Concept: Oath-Breaking Warrior
Seed: It is not an easy life you chose: to fight the greatest of enemies, to slay the most lethal of monsters, to stand when everyone else knelt, to never give up, to never stop caring for those under your care, to always be there for your charges, and not to do harm. You failed. You can see his face: a small teenage boy – one who came to you bleeding from infected wounds. And you did not help him. The reasons, the excuses you told yourself helped you sleep for a week or two, but soon that was not enough. That young man is dead because you broke your oaths. The drink and the pipe called to you, but you had seen too many women and men drained of nothing, and their suffering magnified. So you turned to the sword. If you could not heal that man, then you would stop a dozen – or a hundred – other young people from being hurt. Every slash is a violation of who you are and what oaths you have done. And every corpse you make is one more that cannot harm another.
Example character: Arban, daughter of Hung-Gar
Arban, third daughter of Hung-Gar was raised by her grandmother, as was right and proper in the Marukan clan. Arban was taught all of the herb lore: the use of honey and poppy and willowbark. She was taught to bind wounds with resin and bandages, to use the river’s healing waters to wash wounds clean. She was taught all of these things, and she was good – very good. She became renowned, and people would visit her for all of their ailments.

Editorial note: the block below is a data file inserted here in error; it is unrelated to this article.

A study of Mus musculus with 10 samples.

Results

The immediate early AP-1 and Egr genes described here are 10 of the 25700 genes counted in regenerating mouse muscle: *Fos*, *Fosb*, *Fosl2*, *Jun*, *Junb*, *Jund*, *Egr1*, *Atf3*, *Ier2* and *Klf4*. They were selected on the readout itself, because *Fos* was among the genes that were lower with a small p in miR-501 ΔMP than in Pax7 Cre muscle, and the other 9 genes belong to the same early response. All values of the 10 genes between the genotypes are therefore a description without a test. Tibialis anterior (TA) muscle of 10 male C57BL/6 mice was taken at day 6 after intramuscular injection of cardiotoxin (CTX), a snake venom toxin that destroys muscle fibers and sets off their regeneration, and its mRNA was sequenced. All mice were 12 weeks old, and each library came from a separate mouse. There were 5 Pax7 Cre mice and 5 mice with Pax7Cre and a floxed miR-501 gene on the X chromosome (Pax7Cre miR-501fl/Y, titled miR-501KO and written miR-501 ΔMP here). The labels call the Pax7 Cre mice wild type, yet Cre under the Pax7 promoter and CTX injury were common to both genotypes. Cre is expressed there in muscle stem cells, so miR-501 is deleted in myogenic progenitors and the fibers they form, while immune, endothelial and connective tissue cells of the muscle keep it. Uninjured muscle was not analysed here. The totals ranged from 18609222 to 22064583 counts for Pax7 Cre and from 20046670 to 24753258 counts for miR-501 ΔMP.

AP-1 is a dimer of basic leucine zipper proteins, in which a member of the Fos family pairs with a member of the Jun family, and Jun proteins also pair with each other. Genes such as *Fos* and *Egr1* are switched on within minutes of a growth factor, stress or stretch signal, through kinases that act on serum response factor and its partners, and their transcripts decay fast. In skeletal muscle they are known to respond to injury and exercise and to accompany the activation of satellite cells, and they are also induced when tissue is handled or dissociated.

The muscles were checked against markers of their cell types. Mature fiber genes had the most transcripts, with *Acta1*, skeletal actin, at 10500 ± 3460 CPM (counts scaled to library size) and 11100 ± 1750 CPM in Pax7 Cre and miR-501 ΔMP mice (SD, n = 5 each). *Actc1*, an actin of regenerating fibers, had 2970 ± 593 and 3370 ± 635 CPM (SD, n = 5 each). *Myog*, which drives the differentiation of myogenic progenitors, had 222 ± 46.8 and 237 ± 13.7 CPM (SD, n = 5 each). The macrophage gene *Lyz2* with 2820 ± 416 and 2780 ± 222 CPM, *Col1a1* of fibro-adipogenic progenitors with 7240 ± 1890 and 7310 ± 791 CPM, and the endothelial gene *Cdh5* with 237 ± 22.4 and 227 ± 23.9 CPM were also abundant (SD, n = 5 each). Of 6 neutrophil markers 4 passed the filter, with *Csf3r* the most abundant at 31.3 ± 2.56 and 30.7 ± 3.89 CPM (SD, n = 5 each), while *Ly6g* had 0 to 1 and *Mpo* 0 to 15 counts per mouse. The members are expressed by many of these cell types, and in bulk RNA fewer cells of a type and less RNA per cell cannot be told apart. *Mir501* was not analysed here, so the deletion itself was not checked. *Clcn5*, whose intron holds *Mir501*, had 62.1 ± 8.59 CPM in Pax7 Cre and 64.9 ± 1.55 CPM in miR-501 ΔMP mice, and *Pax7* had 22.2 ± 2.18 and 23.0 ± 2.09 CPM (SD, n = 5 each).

Her arrogance grew with her skills, and she would turn away those that she did not care for – that did not pay enough, or that seemed impossible. Until the young Marukani man showed up: a warrior who had fought to drive off raiders from attacking her town. Her pride was great enough that she did not help him, and he died. The town muttered and did not speak up, and the boy’s ghost did not trouble her. But a thousand drops of water can wear a depression in a stone, and then a single drop more makes a hole.
Arban’s hands shook with the bandages, the recipes could not come to her mind, she would read and read medical texts, and all she could see was that boy’s face. Tormented but her failing to uphold the tenants her grandmother had taught her, she sold her possessions and bought training in the sword. She wanders as a traveling swordswoman, hunting bandits and living a life of humility and shame. When an ally or innocent is injured she rushes to help, but can do nothing more than stare and watch uselessly. Her hands are stained with that boy’s blood, and she will wash it out with the blood of a hundred, no, a thousand bandits.